Contemporary architecture is at last receiving the attention it deserves in the UK. Despite the sad fate of Daniel Libeskind’s Spiral extension to London’s Victoria & Albert Museum, Sir Norman Foster’s Gherkin building for Swiss Re has won acclaim from critics and the public alike. Now Zaha Hadid, robbed amid huge controversy of the chance to design the Cardiff Opera House some years ago, looks set to create the Architecture Foundation’s new building, situated at Bankside near Herzog & De Meuron’s Tate Modern.
Apart from making a contribution to the architectural wealth of the capital, Hadid’s building, should it get through planning and other hurdles, will provide yet another centre in London for people to study and enjoy architecture. The Royal Institute of British Architects and the Architectural Association have long provided venues frequented largely by the profession, but the opening last year of the V&A/ Riba architecture gallery by Gareth Hoskins Architects, with subsidiary spaces by Wright & Wright, and news of the Architecture Foundation scheme should provide more public access in London to the subject.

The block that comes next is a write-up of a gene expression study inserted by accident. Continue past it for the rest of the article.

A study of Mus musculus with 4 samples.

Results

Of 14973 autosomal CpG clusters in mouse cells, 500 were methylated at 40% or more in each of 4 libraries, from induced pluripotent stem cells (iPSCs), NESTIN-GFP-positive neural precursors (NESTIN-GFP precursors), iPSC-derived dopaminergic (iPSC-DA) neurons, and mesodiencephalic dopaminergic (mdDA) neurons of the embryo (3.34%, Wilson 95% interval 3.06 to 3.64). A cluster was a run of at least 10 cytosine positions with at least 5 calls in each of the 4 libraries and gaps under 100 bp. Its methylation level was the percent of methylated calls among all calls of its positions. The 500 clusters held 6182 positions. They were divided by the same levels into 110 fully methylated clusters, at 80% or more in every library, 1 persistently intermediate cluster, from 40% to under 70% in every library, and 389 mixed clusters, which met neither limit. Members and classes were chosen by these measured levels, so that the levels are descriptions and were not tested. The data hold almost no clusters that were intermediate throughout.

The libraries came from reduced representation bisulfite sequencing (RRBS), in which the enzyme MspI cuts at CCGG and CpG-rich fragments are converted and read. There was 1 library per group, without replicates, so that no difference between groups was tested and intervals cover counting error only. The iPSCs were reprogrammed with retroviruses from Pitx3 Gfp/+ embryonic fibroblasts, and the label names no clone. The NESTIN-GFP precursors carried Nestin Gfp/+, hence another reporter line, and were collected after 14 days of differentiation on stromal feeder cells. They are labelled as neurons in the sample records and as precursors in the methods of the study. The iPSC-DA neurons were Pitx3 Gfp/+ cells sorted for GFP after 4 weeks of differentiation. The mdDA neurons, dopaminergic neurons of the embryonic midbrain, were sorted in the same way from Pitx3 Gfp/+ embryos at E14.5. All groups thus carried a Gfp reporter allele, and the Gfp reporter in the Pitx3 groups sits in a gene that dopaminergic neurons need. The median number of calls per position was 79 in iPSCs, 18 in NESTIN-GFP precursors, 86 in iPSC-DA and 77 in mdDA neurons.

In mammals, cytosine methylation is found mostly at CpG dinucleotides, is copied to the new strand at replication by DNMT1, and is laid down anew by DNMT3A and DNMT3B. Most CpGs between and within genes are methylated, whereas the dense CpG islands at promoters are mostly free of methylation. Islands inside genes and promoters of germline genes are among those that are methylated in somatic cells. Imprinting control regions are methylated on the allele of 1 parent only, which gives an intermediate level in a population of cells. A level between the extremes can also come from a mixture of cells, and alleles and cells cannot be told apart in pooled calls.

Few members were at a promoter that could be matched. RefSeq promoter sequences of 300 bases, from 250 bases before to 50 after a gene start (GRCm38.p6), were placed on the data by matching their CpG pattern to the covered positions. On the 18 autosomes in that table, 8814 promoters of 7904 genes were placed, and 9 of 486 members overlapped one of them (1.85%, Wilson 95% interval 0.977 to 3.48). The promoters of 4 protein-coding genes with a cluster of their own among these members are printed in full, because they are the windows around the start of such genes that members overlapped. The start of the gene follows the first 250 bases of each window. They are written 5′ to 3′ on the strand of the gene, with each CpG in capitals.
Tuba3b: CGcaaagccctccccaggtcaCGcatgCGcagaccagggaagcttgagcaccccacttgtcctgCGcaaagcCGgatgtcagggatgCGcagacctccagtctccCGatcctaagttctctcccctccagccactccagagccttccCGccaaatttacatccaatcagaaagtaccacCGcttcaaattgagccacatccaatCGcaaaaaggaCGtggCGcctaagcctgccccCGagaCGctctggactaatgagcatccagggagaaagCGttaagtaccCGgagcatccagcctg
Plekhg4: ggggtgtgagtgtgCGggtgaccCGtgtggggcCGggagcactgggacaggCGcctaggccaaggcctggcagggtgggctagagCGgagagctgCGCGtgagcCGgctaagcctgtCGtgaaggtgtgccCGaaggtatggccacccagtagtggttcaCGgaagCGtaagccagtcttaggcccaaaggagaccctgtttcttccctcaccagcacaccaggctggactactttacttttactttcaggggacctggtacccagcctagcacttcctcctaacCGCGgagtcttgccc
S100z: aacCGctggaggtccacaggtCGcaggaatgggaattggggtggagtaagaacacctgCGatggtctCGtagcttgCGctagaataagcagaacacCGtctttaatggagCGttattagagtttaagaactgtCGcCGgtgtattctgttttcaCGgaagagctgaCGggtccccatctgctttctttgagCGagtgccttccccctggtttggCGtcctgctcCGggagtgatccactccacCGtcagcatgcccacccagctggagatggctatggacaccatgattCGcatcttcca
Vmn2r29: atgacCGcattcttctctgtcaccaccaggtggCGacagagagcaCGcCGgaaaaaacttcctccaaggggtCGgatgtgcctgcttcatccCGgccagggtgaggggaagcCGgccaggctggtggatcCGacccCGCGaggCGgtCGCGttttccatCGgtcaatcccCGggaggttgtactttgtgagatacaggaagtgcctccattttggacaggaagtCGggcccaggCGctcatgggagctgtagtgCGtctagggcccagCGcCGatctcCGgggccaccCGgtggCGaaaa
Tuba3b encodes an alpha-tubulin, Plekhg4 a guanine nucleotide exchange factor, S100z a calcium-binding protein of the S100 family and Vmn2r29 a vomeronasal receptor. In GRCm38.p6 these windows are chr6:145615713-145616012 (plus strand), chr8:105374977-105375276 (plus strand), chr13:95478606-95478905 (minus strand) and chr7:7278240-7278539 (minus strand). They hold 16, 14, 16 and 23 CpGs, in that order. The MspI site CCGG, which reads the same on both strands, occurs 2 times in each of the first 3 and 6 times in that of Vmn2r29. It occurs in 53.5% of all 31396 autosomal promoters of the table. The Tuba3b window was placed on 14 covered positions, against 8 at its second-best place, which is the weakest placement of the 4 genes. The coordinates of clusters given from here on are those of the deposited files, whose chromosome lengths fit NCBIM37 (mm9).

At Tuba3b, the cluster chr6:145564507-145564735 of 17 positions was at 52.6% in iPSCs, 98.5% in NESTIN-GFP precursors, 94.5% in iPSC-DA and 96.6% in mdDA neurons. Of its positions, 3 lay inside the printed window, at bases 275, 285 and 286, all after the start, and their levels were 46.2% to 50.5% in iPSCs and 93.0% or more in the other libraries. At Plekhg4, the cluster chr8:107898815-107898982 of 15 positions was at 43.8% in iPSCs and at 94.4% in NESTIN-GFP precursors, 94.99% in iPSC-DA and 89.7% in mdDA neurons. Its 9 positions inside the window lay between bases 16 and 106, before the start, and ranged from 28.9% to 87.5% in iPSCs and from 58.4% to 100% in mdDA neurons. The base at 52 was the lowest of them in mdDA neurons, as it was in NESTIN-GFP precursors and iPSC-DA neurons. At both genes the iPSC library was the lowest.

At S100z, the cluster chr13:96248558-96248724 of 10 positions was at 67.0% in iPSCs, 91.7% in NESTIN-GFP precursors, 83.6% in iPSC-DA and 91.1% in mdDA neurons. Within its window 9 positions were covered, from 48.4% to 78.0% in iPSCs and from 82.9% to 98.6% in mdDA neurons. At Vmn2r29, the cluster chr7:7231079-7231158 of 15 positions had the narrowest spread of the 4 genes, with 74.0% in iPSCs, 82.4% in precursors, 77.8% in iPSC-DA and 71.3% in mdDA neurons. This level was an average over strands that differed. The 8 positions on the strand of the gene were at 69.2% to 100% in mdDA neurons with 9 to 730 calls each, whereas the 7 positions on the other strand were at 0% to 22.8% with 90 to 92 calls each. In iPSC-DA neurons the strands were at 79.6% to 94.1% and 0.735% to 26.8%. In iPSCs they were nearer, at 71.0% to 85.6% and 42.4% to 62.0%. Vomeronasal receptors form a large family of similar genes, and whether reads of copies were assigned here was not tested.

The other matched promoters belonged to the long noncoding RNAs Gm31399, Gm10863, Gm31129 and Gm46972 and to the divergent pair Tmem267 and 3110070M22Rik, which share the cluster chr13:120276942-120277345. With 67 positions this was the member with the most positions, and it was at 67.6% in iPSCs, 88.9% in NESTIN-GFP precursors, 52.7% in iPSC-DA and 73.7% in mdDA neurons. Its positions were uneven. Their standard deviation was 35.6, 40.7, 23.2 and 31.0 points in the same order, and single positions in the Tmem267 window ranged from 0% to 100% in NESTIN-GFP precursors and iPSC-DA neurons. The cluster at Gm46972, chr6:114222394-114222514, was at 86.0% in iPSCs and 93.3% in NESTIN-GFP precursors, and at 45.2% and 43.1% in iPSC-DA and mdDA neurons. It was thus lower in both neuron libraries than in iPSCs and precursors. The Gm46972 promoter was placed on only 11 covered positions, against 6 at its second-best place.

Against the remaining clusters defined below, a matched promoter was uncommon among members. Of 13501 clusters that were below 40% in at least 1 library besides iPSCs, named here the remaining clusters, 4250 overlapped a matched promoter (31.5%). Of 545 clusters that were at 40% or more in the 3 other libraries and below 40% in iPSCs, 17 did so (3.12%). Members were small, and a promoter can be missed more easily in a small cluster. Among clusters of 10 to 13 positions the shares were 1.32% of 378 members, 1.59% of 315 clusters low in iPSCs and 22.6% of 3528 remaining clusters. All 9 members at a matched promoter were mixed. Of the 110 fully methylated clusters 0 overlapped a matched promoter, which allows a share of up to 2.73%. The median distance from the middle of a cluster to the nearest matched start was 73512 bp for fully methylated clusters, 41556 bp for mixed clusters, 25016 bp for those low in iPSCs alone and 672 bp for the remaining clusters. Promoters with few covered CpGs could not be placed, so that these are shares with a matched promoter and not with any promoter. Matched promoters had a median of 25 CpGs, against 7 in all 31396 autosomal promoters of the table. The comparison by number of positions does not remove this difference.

Would that design were as fortunate. Many in the industry see the V&A as design’s spiritual home, especially now that, under the enlightened directorship of Mark Jones, it has embraced more contemporary design shows. The Design Museum also has a place, particularly as a centre for excellence in up-and-coming talent and ‘fashionable’ design.
But, the Design Museum’s Peter Saville and Saul Bass shows notwithstanding, the main focus of both these venues is 3D design. There is relatively little scope for graphics outside smaller venues such as the London Institute. The inaugural D&AD Congress last year arguably provided the best showcase in years.
There is also the question of how best to display graphics. Rick Poyner’s Communicate show at London’s Barbican was hailed as a triumph by many, partly because of the effort involved in staging so big a show. But graphics fans were critical of the way exhibits were displayed – magazines aren’t best seen behind glass, though security concerns demand it.
Meanwhile, the ‘words and images’ show 26 Letters, staged at the British Library by writers’ group 26 was lost in the building’s corridors. The book of the show was more successful in getting the point across.
So we have a dilemma. Graphics is the most common expression of design, touching daily life through signs, posters, the media and computer screens. It is celebrated in many a book and part of every piece of communication. But how can the public get to understand the process behind it? Any ideas?